3rd March, 2015. Morning session
In the years following independence (1960’s for most African countries), many African writers including Chinua Achebe, Okot p’Bitek, Ngugi wa Thiong’o, Nuruddin Farah, Ama Ata Aidoo, Flora Nwapa, wrote and published high quality literature which has withstood the test of time. Their works launched Africa’s Literature on the international literary map. Similarly, the last two decades have witnessed a literary renaissance, with new voices of contemporary African writers earning global attention for their works. These include NoViolet Bulawayo, Chimamanda Adichie, Teju Cole, and many others. They have heralded a new era of literary optimism, which many regard as the return to the golden days. But is this impression the sound reality?
Provocateur: Dr Susan Kiguli (Uganda poet, professor of literature and Head of Literature Department at Makerere University). Moderator: Dr. Danson Kahyana.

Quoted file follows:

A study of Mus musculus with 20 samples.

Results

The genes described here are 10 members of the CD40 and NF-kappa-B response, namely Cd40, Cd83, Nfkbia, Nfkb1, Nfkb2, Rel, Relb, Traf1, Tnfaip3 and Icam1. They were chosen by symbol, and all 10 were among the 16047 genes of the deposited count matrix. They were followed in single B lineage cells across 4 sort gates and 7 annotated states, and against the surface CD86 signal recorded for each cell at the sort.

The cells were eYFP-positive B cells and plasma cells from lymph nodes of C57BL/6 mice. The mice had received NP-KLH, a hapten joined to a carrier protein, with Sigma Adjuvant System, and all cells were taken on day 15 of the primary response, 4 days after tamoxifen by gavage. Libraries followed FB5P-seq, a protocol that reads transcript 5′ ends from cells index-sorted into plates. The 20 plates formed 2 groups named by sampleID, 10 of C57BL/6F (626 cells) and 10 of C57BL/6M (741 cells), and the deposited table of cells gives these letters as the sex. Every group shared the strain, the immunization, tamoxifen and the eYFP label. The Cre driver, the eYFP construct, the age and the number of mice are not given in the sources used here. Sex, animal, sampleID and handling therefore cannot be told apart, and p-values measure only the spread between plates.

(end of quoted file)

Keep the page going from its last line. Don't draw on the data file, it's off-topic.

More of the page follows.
At the book stand
One happy family
Second topic of the day, morning to afternoon session: Space and Identity in African Writing: Writing Beyond the West
African writers in the Diaspora often have to navigate two challenges: the epistemological space in which they operate and the identity they hold, both of which are often in question. Is it possible for African writers in the Diaspora to represent an “authentic” African identity? or is their connection to Africa merely imagined? How much of their writing should be considered African? How do these writers fulfil the demands by their western publishers and markets, and at the same time cater for their African audiences? Four African writers living and working in the Diaspora: Jennifer Makumbi (Uganda/UK), Noo Saro-Wiwa (Nigeria/UK), Chinelo Okparanta (Nigeria/USA), and Juliane Okot Bitek (Uganda/Canada), explore these questions. Goretti Kyomuhendo (Uganda/UK) chairs the session.